Connecting With Diverse Families Right from the Start
5 strategies to improve engagement with families of English-language learners.
By Karen N. Nemeth
September 2015, Volume 39, Issue 1
Parent engagement is a positive force in elementary schools, but reaching out to families who speak different languages is not always easy. The heart of truly successful parent engagement is a commitment to connect with each and every family. These strategies for working with families of English-language learners (ELLs) will help you get your school year off to a great start with lasting benefits.
1. First impressions are lasting impressions. A welcoming environment is a positive first step to building relationships with diverse families. Multiple languages on signs, posters, and the school website help parents get the message that diversity is considered an asset. Give multilingual classroom materials a prominent place in displays. Provide training for every member of your staff so every encounter with families will be respectful and welcoming. Post lots of images and videos about school procedures and activities on your website so families get to know the school and feel that their need for information is being met.
2. Make a fresh start. Families who are new to English may also be new to American school traditions. Parents who attended school in other countries may not know what to expect from parent-teacher conferences or invitations to visit or volunteer at school. Make a fresh start by assuming all families need specific information and support to get involved.
3. Facilitate communication. It is good to find interpreters for meetings, but real communication starts before the meeting and goes much deeper than translations alone. Begin the year with brief, positive notes home or a quick phone call—keeping it simple so ELL families can understand. Sharing a picture of a child enjoying school is a sure way to build a bond with parents. Invite some more experienced bilingual parents to serve as diversity ambassadors. They can serve as peer supporters and help new families understand about school events, communications, and procedures.
4. Say less. School personnel sometimes lament that it is hard to get all of the school documents translated into needed languages. The way to make this more manageable is to just say less. If you take a look at how many words on paper are being sent home to families, it’s no wonder that families with limited literacy skills or different languages can’t respond. If you reduce the content to the bare minimum, it will be easier for you to arrange for translations and easier for families to understand when translations are not available. Use visuals like icons or photos and choose simple sentences to get the points across. Color code forms. For example: blue always means something needs to be filled in and returned; green is always an announcement of an event for families; yellow is always used to share important information about school schedule or policies, and so on. Facebook, Twitter, and text messages all can play a role when reaching out to diverse families.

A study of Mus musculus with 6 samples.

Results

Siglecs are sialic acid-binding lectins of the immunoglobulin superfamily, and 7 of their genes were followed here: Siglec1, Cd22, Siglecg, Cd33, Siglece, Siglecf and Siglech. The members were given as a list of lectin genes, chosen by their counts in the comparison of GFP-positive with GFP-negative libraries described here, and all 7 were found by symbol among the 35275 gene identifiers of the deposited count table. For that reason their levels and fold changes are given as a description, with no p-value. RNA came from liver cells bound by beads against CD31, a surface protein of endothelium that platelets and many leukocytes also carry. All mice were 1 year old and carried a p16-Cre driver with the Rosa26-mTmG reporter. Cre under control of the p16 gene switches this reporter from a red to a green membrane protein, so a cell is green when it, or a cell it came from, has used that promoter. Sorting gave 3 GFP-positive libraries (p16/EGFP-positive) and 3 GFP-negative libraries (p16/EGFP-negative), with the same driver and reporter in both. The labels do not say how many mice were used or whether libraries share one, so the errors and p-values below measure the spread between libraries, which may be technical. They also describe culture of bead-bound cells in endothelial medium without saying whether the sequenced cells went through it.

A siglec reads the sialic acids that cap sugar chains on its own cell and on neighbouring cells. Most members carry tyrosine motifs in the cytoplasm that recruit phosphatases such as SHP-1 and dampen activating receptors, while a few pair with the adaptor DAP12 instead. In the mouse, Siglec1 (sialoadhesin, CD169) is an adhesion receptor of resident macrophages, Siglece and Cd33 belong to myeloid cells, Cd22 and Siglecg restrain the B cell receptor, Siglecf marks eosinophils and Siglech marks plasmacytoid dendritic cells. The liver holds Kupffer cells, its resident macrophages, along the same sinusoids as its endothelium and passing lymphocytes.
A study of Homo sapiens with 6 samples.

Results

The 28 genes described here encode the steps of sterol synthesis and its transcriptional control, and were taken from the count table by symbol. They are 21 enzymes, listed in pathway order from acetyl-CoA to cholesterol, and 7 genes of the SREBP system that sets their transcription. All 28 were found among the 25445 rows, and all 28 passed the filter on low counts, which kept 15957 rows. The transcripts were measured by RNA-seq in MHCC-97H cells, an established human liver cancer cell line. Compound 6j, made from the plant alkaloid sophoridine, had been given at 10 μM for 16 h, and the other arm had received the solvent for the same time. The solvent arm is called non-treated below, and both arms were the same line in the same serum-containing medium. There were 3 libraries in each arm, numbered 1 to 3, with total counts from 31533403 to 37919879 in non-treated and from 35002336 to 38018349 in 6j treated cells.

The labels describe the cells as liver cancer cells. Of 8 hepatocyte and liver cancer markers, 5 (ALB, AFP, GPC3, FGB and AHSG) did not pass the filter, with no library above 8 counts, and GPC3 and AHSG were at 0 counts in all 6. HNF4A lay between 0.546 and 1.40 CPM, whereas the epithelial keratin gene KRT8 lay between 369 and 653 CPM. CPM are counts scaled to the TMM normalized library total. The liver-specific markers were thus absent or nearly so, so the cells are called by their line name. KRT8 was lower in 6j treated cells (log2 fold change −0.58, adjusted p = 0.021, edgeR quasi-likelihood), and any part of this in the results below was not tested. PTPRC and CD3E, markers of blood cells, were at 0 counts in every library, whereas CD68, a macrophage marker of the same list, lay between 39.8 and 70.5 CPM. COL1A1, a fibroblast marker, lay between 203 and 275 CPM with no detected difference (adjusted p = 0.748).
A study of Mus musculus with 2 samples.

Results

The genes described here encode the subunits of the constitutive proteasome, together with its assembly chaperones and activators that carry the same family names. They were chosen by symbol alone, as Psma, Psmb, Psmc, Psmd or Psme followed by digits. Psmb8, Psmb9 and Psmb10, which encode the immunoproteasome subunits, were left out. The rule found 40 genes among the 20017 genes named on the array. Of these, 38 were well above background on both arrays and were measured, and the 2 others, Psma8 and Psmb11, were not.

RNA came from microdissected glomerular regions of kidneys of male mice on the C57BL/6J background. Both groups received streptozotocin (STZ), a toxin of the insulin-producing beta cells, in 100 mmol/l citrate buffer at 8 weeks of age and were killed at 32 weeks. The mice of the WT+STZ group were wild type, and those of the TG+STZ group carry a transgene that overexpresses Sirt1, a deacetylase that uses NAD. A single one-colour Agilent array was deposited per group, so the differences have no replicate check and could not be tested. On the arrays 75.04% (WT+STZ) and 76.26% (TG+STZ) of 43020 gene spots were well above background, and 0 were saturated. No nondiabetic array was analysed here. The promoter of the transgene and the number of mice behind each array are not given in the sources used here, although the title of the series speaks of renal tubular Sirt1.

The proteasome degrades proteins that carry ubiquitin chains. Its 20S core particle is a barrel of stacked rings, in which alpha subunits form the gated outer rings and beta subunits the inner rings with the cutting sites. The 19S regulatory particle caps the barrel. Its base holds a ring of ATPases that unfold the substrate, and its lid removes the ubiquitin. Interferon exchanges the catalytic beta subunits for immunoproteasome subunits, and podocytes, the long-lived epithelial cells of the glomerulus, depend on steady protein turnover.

5. Individual time. Back to School night can be overwhelming and parent-teacher conferences may be stressful. Building positive relationships with diverse families depends on spending time with them in other ways. If parent-teacher conference is the first opportunity to interact with ELL parents, awkwardness is bound to happen. Familiarity is the remedy. The more familiar the parents are with school routines and activities, the better they will understand feedback during the meeting. The more familiar the teacher is with the family, the better he or she will understand their interaction style. Find a time that works for each family and open the school or classroom doors to welcome families as individuals who are vital partners in the educational process, no matter what language they speak!
Karen N. Nemeth is a national expert, author, speaker, and advocate on early learning in first and second languages.
Copyright © 2015. National Association of Elementary School Principals. No part of the articles in NAESP magazines, newsletters, or website may be reproduced in any medium without the permission of the National Association of Elementary School Principals. For more information, view NAESP’s reprint policy.